Diving into freezing water to test their immersion suits and dragging tractor tyres through the mud in Dartmoor are just some of the punishing tasks a team of explorers have put their bodies through in preparation for an assault on the North Pole.
The Catlin Arctic Survey team, led by Pen Hadow, will depart for the Arctic in February for a groundbreaking three-month trek to measure the remaining thickness of the sea ice.
The data gathered by the team, which also includes photographer Martin Hartley and polar explorer Ann Daniels, will form pivotal evidence to be presented to the United Nations Climate Change Conference in November.
The team are currently in Broughton Island, Canada, making the final preparations for the trip and embarked on a four-day mini mission on January 15 to test their radar equipment which will take more than 10 million measurements over the course of the main expedition.
Pen said: “Conditions are tough. Broughton Island is currently in darkness for at least 20 hours per day.
“You can’t see your hand in front of your face, and if your overhead torch goes out, that is it.”
The team has completed a rigourous training routine in Dartmoor under the guidance of former Royal Marine Jon Stratford. It has seen them camping out on the moors and trekking with rucksacks full of rocks to ensure they are physically and mentally prepared for the trip.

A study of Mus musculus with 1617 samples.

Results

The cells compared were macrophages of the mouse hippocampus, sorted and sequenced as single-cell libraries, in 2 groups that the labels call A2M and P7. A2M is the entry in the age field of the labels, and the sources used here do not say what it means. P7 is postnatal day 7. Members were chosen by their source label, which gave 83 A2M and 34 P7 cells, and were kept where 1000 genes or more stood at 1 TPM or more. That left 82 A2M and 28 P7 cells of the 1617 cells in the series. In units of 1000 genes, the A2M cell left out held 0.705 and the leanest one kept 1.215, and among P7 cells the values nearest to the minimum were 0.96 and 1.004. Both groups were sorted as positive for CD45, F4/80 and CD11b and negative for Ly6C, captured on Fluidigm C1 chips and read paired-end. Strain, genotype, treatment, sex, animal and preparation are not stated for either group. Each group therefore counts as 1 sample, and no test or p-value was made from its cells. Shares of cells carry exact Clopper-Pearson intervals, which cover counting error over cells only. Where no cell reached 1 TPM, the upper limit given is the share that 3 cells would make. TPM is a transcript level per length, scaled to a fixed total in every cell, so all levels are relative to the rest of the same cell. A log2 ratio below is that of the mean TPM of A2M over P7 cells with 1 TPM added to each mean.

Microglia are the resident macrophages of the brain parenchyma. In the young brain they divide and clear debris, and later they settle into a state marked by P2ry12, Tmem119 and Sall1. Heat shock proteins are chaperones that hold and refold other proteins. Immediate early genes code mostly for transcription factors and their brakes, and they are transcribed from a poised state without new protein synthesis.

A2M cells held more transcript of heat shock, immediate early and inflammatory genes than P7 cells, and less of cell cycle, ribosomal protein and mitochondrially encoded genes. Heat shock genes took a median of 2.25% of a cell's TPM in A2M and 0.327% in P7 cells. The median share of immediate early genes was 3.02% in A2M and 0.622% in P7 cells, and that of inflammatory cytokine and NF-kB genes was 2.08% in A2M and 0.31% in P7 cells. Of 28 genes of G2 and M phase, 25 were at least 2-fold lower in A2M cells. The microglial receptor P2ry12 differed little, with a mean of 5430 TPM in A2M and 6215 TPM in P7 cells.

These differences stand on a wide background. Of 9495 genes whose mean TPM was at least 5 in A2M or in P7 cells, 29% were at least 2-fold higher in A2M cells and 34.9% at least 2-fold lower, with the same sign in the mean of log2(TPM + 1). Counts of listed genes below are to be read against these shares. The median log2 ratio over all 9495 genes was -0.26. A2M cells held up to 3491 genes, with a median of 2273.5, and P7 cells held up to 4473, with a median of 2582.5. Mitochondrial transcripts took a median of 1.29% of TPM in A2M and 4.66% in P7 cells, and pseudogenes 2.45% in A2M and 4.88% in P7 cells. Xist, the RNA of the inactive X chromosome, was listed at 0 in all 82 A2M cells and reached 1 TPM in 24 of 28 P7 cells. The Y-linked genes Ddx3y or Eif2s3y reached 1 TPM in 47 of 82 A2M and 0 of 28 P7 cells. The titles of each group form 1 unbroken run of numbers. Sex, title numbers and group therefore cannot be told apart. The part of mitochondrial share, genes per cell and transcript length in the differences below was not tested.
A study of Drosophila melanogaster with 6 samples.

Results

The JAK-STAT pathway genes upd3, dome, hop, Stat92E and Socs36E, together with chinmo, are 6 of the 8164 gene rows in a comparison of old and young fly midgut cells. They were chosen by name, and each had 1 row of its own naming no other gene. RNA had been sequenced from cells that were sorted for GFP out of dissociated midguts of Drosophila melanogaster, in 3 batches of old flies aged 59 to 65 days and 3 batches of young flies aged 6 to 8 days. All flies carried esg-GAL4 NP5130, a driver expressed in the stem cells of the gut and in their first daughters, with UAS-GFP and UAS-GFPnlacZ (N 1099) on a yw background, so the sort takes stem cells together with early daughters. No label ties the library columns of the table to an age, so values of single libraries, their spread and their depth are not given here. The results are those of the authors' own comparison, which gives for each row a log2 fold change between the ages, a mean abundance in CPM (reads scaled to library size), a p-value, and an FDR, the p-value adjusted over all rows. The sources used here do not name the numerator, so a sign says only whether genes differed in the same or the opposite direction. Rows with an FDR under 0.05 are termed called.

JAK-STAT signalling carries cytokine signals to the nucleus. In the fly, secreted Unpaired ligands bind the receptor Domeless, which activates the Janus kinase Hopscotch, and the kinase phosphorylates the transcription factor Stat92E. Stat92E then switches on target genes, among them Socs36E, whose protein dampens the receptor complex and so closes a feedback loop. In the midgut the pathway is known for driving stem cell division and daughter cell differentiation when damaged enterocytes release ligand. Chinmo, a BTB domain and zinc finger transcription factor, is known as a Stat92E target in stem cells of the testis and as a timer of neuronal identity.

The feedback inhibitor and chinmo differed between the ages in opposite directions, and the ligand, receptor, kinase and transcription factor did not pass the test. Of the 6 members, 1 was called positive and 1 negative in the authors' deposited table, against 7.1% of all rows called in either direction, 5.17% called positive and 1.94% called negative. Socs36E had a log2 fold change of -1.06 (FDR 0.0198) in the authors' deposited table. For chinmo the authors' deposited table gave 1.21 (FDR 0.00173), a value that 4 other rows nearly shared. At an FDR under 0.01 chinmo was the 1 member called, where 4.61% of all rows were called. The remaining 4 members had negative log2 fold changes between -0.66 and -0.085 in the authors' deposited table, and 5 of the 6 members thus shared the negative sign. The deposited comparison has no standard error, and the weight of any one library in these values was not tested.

A cold chamber at the Royal Navy’s Institute of Naval Medicine in Portsmouth provided the team with a valuable opportunity to experience the freezing Arctic temperatures and they have been training in temperatures reaching -30C.
Back in Canada the team are practising their daily routine so it becomes second nature before the trip and, as the 750-mile route will involve swimming through areas of sea where the ice has already melted, the team are taking lessons from Inuit clam-diver Stevie Audlakiak in how to survive in the icy water.
Pen said: “It’s vital we make sure we have tested everything in the extreme conditions of the Arctic winter.
“We also need to be sure we work well as a team, so our daily routines for trekking, eating, science work and so forth have to be practised so we are in the best possible shape when we cross the starting line in late February.
“After years of preparation, that will be our moment of truth.”